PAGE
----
Next week, I'm heading out to work with some teachers who have been trying to implement best practices in grading this year and are running into some issues. I'm very much looking forward to the discussion. The questions they sent ahead of time about assessment issues, power standards, and student motivation are thought-provoking in the most delightfully nerdy way. This will be an awesome day.
To prepare for this adventure, I've been doing some snooping, er, background research about the school. I've looked at their test scores, demographic breakdowns, and teacher information. I visited their website. I read the most recent edition of the school newsletter. I Googled.
What I've learned is that this is very high-performing school according to traditional measures: SAT scores, AP, Jay Mathews/Newsweek ranking, and so forth. The accolades are impressive. And yet, from the information the school directly shared with me, they have some very traditional problems with kids not doing homework or who are permitted to retake tests (but don't...or fail them on purpose first so that they can go back and retake them).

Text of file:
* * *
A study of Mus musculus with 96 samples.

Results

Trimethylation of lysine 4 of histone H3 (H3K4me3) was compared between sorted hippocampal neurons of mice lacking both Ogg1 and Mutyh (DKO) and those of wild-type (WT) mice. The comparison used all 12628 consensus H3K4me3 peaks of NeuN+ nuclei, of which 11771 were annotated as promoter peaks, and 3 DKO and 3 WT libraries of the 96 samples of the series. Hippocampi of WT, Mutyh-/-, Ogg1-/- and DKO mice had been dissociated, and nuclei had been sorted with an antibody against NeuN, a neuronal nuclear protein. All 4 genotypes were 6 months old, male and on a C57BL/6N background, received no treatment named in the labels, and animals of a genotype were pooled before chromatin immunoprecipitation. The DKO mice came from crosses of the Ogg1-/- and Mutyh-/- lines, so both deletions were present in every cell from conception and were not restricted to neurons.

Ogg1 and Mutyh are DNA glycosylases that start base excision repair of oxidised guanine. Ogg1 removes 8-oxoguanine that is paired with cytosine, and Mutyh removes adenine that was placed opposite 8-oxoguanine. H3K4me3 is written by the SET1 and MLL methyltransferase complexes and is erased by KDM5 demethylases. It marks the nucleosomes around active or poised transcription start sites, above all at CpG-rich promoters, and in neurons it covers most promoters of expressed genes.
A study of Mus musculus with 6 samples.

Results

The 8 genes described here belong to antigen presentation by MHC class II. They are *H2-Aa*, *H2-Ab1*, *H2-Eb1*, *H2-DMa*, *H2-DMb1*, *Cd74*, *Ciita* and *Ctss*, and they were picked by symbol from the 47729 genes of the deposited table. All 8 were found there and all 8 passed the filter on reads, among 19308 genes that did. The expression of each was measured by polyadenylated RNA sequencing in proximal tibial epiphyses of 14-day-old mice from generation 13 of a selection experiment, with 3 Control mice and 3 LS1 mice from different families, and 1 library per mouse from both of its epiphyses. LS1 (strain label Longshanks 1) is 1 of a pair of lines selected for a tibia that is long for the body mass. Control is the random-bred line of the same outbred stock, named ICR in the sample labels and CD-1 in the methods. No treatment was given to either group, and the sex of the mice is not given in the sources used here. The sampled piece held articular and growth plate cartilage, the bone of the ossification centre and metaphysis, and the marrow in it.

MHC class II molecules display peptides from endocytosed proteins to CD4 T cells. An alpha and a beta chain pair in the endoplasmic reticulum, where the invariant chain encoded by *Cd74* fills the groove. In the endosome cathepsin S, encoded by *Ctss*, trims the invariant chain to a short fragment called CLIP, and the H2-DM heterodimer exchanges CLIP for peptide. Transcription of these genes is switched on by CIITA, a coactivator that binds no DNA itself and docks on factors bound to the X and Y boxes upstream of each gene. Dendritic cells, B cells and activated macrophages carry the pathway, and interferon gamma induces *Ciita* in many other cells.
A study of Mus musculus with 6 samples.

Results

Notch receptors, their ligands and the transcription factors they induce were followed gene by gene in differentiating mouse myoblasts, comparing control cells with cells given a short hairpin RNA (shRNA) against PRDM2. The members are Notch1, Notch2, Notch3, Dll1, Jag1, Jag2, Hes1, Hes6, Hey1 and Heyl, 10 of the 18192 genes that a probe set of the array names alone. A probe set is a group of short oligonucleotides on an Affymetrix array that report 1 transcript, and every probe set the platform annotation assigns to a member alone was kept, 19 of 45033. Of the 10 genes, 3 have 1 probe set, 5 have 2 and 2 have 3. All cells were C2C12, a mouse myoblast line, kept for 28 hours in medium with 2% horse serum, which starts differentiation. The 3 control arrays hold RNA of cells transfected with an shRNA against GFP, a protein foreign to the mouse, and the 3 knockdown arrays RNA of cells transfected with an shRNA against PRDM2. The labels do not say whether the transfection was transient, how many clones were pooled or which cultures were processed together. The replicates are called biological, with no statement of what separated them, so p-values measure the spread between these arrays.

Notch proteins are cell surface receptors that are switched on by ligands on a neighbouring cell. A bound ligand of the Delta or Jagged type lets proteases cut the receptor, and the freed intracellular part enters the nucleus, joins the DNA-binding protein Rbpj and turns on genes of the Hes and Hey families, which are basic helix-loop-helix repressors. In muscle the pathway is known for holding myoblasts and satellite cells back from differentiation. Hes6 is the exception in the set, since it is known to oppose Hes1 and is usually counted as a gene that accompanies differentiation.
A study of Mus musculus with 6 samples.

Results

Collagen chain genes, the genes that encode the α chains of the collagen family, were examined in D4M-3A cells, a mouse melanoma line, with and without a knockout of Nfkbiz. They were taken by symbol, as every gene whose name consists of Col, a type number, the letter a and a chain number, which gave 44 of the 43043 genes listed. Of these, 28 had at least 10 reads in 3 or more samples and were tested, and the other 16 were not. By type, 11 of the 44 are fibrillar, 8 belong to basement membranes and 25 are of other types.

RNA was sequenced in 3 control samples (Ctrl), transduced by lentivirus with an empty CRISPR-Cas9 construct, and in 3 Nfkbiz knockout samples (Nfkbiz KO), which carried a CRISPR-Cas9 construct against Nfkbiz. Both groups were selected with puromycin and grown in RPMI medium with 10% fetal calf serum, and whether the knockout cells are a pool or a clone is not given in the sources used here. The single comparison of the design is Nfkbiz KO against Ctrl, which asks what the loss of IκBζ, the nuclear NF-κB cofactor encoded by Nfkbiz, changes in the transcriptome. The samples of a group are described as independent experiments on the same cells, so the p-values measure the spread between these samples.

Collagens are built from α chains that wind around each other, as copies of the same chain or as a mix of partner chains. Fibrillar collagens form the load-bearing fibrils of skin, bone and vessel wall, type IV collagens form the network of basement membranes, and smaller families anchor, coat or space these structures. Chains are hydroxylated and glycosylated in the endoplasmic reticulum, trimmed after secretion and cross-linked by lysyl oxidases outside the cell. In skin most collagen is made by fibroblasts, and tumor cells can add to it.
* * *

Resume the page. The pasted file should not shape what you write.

In some ways, this is not a surprise. From the external front this school is putting out, the school values performance (engaging in behaviors that result in grades/rewards). The teachers I'm going to work with, however, value mastery behaviors (learning for the sake of learning). Kids are therefore a bit confused. When the overall message from the school environment is "AP! WASL! Top School!" and within one classroom it is "Take risks! Keep trying!" there is going to be some dissonance.
It will be interesting to have a discussion about striking a balance. The fact is, success should be celebrated wherever it is found---from great AP scores to the most recent drama production to Joe/Jane student meeting standard after a long struggle with a concept. I don't know that we need to throw out our performance messages, but I think we need to emphasize other aspects more. How powerful is it when the lead story in the school newsletter reflects different learning opportunities happening at the school rather than the AP test breakdown? How do we communicate both the fact that WASL scores are well above district and state averages and also provide context for these to reflect learning? I think it can be done. We just have to be more purposeful in the making the outward messages we give to students and the community match our intentions about learning.